Let me preface this post by saying I have zero doubts you’re about to see the best Jason Heyward you’ve ever seen in 2015. No one; and I mean no one out there has the ability to polish a turd up nicely and have it work out like the damn St. Louis Cardinals. They’re going to find a way to fix this guy and turn him into a really good all around player. He may come close to reaching the lofty expectations scouts once set (and his first half of his rookie season was phenomenal).
But I take issue with Heyward saying the Braves hitting him lead-off limited his power:
When describing how stymied he felt at times batting leadoff for the Atlanta Braves, Gold Glove-winning outfielder Jason Heyward borrowed an analogy from the field. It’s playing long toss and really wanting to cut loose with a full-strength throw but having to hit a target 90 feet away.
“You feel like there’s a governor on you and you’re not letting it ride,” Heyward said. “You have to think of other ways.”
Greg Walker was one of the shittiest hitting coaches in big league history. If you’ve followed the Braves even on a surface level the past few seasons, you know he had his hand in fucking up a number of big league hitters and doing more harm than good to their approach.
Fredi Gonzalez also jerked Heyward around from day one – platooning him with replacement level players and hitting him all over the damn lineup instead of penciling him in the top five and leaving him the Hell alone. This is where I figure Heyward began to get lost deep in his own mind and naturally tinker with his approach which was best in the minors and the first half of his rookie campaign.
But Jason Heyward’s power was stymied because of his own fidgety ass movements in the box, all the movements in his hands and uncomfortable demeanor and stance. If Heyward let a hitting coach change him to the point where he couldn’t really functionally be the player he was, it’s his own fault. I’m pretty sure if he took his own approach out there and succeeded, a hitting coach would do a good job of doing no more than reminding the successful young player of the things he already knew. That’s really the job of a hitting instructor anyways.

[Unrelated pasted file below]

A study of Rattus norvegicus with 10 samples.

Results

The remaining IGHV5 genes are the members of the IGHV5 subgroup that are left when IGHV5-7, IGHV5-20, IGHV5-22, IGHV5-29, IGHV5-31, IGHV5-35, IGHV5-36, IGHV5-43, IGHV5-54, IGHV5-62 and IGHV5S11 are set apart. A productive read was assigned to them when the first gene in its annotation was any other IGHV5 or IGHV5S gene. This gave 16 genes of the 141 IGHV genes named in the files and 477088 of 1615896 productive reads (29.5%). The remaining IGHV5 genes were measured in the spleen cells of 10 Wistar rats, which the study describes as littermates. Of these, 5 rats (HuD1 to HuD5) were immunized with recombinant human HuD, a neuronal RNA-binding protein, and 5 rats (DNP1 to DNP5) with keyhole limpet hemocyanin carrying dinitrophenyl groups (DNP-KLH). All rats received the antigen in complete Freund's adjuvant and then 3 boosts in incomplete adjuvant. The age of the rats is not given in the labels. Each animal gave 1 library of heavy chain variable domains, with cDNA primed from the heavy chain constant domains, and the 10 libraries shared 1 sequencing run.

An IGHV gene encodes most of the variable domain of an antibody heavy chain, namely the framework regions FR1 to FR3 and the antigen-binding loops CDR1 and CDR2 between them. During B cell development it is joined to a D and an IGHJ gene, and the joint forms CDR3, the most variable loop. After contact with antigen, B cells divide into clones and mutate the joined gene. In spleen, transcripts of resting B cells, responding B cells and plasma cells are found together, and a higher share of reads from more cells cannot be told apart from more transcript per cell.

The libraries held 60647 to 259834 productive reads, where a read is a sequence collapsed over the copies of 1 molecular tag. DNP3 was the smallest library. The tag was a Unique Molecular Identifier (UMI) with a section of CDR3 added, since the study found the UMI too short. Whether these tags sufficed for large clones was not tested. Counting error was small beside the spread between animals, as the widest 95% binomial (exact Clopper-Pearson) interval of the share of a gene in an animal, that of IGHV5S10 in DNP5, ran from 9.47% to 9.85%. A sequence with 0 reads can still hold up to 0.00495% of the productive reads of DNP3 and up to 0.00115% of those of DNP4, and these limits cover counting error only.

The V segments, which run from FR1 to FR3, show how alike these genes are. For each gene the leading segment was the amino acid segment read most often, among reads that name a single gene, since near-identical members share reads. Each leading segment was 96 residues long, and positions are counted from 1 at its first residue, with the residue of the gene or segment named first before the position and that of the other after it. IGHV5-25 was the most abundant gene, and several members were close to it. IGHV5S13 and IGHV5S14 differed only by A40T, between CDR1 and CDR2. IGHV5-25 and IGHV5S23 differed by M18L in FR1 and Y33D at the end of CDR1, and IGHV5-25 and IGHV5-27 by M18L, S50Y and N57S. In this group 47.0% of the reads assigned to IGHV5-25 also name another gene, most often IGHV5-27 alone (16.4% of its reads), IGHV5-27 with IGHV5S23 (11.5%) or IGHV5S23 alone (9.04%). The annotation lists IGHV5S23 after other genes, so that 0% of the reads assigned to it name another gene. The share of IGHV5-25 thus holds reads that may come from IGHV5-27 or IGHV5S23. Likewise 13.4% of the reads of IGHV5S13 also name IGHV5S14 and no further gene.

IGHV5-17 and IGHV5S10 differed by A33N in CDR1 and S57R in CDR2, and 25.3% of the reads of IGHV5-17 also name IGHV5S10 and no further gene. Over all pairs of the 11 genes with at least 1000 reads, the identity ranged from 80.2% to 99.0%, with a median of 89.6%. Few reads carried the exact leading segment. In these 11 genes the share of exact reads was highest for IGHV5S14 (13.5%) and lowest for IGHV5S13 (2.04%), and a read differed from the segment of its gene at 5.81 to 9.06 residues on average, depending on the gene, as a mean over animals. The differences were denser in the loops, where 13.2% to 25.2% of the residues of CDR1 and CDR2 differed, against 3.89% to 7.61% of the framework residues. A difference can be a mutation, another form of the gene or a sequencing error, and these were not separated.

Every time I watched a Heyward at-bat the last few years I just couldn’t believe what I saw. His plate discipline had eroded, he was taking fewer walks, swinging at more pitches, neglecting to use the entire field and rarely hitting balls hard. He didn’t handle breaking balls particularly well, leading to a sharp decline in the number of fastballs he saw.
I realize this is someone they said would be the gem in all of the game in a few years, and I realized that something had gone terribly wrong along the way more likely than Heyward being a bust.
Heyward seems to be a fragile player mentally – that’s the type of statement bloggers get in trouble for saying – but it’s something I’ve picked up on. He needs his confidence rebuilt, and I think over time in St. Louis some big hits in big moments for a successful organization are going to help accomplish that.
Heyward can’t fully blame the lead-off spot for the lack of pop in his bat. His own swing he developed over time and his approach were just as much the culprit.
And in closing, Fredi Gonzalez is the worst manager in baseball. Train-wreck hire from day one; if Bobby Cox could have hung on another five years, Heyward would likely still be in Atlanta and a perennial All-Star. Nothing good comes from Fredi Gonzalez.